Okay, so here's something new to add to the conversation. I should be clear that the bricks do not show signs of glazing, nothing is shiny or melted looking. The prior owner had kiln washed the inside to make it easier to clean between firings. So, basically, what is crumbling is that layer of kiln wash and some of the exposed brick. The bricks look very porous in some spots. I have removed chunks that were loose, but everytime I pass my hand over the bricks I get what looks like cookie crumbles. I am interested in finding out more about the Colloidal Silica (is this basically sodium silicate?)/Zircon mixture, but have received information stating that it would be too much of a "patch". The ITC is rather expensive (though, not as much as new bricks) and was told buy a kiln repairer that if I am not necessarily interested in improving the insulative value of the kiln, ITC is overkill. His recommendation was to use Rigidizer, which is $30/gallon and should act as the seal I need to keep these brick intact. Any new thoughts on the subject? Not knowing the properties of these different formulas, I feel confused!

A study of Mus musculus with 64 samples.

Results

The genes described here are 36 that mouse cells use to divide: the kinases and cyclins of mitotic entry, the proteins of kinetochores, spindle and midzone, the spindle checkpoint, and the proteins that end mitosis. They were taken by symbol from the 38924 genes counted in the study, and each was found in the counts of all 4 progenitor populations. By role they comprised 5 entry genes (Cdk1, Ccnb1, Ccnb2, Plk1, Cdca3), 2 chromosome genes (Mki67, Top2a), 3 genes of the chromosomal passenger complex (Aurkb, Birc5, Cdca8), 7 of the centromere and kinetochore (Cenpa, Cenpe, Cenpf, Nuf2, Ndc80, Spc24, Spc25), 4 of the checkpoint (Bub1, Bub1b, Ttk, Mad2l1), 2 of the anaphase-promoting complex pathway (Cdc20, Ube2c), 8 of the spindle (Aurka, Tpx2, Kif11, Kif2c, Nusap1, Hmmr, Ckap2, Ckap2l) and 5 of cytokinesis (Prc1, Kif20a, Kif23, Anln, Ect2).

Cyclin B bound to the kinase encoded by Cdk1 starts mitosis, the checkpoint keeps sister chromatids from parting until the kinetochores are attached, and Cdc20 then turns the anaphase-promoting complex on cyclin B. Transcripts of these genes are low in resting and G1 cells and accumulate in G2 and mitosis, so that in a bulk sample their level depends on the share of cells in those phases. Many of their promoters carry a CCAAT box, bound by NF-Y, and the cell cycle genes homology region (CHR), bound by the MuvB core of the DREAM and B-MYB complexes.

2. crumbling soft brick in kiln

    I'm going to try this as soon as I get a chance. The fact that it is cheaper than the cost of new bricks seals the deal.
  3. crumbling soft brick in kiln

    However, even in the bisque, I found particles in wares on the mid-level shelves. I'd like your opinion on the kiln cement idea. If I get a coat on those bricks, will the cement keep them together for the 2-3 firings I need for the upcoming show?
  4. I was gifted a small gas fired kiln, lined with soft brick that spent it's former life as a wood-soda hybrid kiln. Now, the soft brick inside is falling apart at every touch. Some spots are being held together with old kiln wash, but after my first two bisques and thorough shop-vacuuming, I still have stuff floating around inside. This has not been a problem through bisqueing, but I am ready to glaze fire and fear my pots will be ruined by all this stuff floating around. I would like to eventually buy new bricks to replace the old, but I can't do that before these pots need to be done. This is an unanticipated problem! Time to get creative! I am open to all ideas. One is lining these bricks with kiln cement. Would it, too, flake off?